Students of poetics and literary criticism should spend less time in the library and more time in the kitchen. If they did, they might be less inclined to fall prey to the fashionable superstition that meaning is arbitrary. One change in a recipe and you have a completely different dish. Confuse baking soda with baking powder and your quick bread may no longer be quite so quick.
Then there’s the relationship between eating and speaking, which is phenomenological as well as synaesthetic, and strikes me as eminently deserving of study. Sometimes the names of dishes can be as tasty as, or even tastier than, the dishes themselves. Why is this? Here are just a few examples that spring to mind:
This came up at supper tonight, as we feasted on cornbread and Breton beans. Hoe cake is the ur-cornbread, and Dad was insisting that the name came from the fact that pioneer types used to cook it on the flat of a hoe or a shovel over a camp fire. Vrest Orton (Cooking With Wholegrains) bore him out, but this strikes me as a bit dubious. Folk etymology or not, though, a cake cooked on a hoe is an appealingly perverse and suggestive image. The name sticks in my mind like a hoe in a furrow: Hoe cake. Hoe cake. Hoe cake.
Chinese traditionally associate vegetarianism with Buddhism (though the Daoists have probably been doing it longer), so I guess the idea is that tofu meatballs get the Buddha’s stamp of approval. I’ve only made them once or twice, myself — if I want meatballs, I’ll get out the ground venison — but I can’t pass the recipe in the old Moosewood Cookbook without a chuckle. Sure, it’s got good assonance, but it’s the idea that appeals: Eat these grayish faux-meat soybean concoctions, and the fabled mystic power of the jewel in the lotus will be yours! (Wonder if there’s a tofu-based version of Rocky Mountain oysters?)
I’m not the world’s biggest eggplant fan, but I use it a lot because I find the vegetable immensely appealing aesthetically, and I love olive oil, which it’s good at soaking up. But in the case of baba ghannouj, which doesn’t need olive oil, it’s the name I find most attractive. I like saying it in the broadest Appalachian accent I can muster: Bah bah guh NOOSH! Like this.
Angry hot meat
That’s the name of a dish in this book of somewhat dumbed-down recipes from Sub-Saharan Africa that we picked up in the Smithsonian Museum bookstore years ago. I’m grateful to it for the idea of adding several tablespoons of peanut butter to a chili-flavored broth, which I’ve used in all manner of stews, even vegetarian ones. Were it not for the charisma of the name, “angry hot meat,” that idea probably wouldn’t have stuck. This is not just food, much less some inert commodity, it’s the flesh of another being. It’s something with spirit.
Pasta e fagioli
The Wikipedia says, “It is also called pasta fazool or pastafazool colloquially in the United states, arising from Italian-American (from Sicilian) slang.” I’d never heard that before, and don’t like it. I mean, I’d love the stuff either way — presuming there are good black olives in it — but the proper Italian pronunciation rolls off the tongue so well, why would you want to change it? Pastafazool sounds like a sneer, while pasta e fagioli sounds like the beginning of a prayer.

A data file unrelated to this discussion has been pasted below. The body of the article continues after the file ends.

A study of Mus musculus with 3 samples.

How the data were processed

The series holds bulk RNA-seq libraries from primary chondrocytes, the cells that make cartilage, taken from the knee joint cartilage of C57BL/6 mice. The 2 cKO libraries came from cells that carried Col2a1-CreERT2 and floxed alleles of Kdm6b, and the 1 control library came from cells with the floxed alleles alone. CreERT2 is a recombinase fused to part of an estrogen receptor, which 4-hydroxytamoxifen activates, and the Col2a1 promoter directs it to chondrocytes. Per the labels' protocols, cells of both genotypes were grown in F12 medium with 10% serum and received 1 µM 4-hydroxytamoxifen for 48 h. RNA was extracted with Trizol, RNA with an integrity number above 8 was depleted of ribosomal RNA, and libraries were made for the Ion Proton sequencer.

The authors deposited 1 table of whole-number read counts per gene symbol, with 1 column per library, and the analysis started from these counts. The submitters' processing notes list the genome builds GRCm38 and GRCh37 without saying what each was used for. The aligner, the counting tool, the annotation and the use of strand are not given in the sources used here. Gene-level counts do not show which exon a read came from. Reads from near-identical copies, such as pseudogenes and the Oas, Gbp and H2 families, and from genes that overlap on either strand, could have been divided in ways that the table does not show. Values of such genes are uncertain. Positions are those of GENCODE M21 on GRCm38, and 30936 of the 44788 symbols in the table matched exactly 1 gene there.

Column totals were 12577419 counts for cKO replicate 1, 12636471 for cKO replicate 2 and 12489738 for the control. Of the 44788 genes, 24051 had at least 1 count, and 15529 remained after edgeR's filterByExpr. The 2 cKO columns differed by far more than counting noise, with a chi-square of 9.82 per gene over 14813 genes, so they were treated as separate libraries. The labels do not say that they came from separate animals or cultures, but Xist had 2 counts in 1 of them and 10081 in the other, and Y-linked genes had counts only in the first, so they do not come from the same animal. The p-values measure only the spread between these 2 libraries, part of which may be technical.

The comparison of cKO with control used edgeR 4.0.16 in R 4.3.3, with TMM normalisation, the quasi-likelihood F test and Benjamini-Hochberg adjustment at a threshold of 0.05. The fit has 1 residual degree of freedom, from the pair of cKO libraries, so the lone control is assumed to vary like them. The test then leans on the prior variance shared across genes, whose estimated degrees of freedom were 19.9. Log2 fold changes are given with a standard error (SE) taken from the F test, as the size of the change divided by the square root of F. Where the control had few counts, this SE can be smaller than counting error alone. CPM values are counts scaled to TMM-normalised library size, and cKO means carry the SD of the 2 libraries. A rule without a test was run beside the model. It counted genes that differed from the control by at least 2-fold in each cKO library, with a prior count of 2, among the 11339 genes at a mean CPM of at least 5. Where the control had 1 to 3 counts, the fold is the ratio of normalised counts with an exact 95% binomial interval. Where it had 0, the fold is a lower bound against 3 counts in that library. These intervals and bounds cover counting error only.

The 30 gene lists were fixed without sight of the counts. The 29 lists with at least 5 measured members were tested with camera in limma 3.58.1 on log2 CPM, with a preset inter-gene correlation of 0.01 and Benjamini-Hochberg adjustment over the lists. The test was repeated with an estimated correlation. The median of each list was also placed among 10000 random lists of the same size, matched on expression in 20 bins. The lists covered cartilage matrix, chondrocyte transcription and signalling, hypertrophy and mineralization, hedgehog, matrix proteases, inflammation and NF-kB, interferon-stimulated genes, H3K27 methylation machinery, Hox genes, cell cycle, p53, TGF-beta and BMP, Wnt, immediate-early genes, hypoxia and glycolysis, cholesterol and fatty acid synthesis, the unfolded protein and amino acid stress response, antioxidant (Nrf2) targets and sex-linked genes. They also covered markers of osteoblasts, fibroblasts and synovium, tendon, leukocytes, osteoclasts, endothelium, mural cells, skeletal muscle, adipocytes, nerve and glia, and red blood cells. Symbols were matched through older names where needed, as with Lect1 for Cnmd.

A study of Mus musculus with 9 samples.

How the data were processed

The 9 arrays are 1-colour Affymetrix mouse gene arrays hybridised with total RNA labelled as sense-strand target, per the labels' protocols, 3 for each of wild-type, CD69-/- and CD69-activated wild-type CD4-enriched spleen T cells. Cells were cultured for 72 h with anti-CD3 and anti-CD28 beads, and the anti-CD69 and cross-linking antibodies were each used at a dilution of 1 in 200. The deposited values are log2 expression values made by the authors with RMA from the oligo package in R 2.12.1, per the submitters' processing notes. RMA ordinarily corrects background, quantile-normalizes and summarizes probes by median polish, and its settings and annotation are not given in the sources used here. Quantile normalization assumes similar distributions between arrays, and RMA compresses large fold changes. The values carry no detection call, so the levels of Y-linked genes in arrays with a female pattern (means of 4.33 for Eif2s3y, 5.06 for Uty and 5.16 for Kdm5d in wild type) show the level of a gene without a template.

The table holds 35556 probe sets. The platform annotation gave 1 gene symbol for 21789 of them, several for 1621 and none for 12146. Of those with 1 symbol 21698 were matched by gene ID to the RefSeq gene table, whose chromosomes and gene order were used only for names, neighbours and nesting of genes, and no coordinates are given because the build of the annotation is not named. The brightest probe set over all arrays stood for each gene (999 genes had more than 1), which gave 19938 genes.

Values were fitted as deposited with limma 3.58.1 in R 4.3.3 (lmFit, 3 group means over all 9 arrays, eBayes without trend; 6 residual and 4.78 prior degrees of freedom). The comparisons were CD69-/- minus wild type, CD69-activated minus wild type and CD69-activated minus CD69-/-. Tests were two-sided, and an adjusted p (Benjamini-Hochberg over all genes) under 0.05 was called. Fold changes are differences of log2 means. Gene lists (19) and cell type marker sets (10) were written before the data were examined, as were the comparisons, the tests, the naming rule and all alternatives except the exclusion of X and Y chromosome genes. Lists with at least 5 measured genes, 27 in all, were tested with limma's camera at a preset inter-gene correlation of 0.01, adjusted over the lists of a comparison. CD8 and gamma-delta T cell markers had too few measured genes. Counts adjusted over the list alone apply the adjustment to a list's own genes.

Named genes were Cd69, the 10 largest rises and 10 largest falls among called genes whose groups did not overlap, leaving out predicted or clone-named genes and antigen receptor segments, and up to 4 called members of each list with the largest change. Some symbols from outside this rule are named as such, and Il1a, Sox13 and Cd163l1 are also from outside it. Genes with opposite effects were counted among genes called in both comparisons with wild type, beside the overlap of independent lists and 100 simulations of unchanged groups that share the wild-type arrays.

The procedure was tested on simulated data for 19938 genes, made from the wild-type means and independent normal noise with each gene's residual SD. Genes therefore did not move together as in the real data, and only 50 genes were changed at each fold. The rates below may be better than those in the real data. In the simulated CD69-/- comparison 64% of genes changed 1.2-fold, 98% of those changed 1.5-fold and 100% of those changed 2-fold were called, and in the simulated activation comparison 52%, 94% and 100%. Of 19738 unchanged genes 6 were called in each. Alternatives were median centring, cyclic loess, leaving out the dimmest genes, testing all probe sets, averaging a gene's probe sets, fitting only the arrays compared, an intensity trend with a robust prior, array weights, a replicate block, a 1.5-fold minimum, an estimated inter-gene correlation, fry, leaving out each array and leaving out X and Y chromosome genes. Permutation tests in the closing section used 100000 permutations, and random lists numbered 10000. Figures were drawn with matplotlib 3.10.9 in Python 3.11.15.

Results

Key lime pie
This is one that doesn’t sound like it should exist outside of a poem. I am invariably disappointed by the real thing: good as it might be, it can never be as magical as the image the name conjures up. It would be better off, frankly, if it had a more prosaic name to lower expectations — something like cheese cake or banana streusel. I have never met a banana streusel I didn’t thoroughly enjoy.
Bubble and squeak
News that we were having bubble and squeak for supper always produced great excitement when we were kids. How could you not love such animated-sounding food, even if it was just cabbage, potatoes, and leftover pig meat? The Scottish equivalent, rumpledethumps, sounds ridiculous to my grown-up ears, but I’ll bet if I were five years old it would produce a similar squeal of joy — or at least a bubbling squeak.
We raised a pair of hogs each year for three years back in the 70s when I was a kid, and the first year Mom was so determined not to let any of it go to waste, she even made us eat the brains. Calling it head cheese was a stroke of genius. The Wikipedia claims that the brain is often left out, and that head cheese refers simply to a meat product made from the head meat of a calf or pig. Frankly, I don’t remember anything of Mom’s concoction now other than the name, which has such an elemental rightness to it. What is a cheese, after all, but a head gone wrong?
This is another one that’s as fun to say as it is evocative. It’s part of a family of desserts with doughy toppings and strange names: buckles, cobblers, crisps and crumbles, betties and pandownies, sonkers, grunts and slumps. (I got all those from the Wikipedia, once again: the entry for Cobbler.) Grunt, buckle and slump might have a hidden connotative kinship as well: to me they each suggest the fate of a diner who succumbs to gluttony, barely able to communicate through mouthfuls of food and finally collapsing in defeat.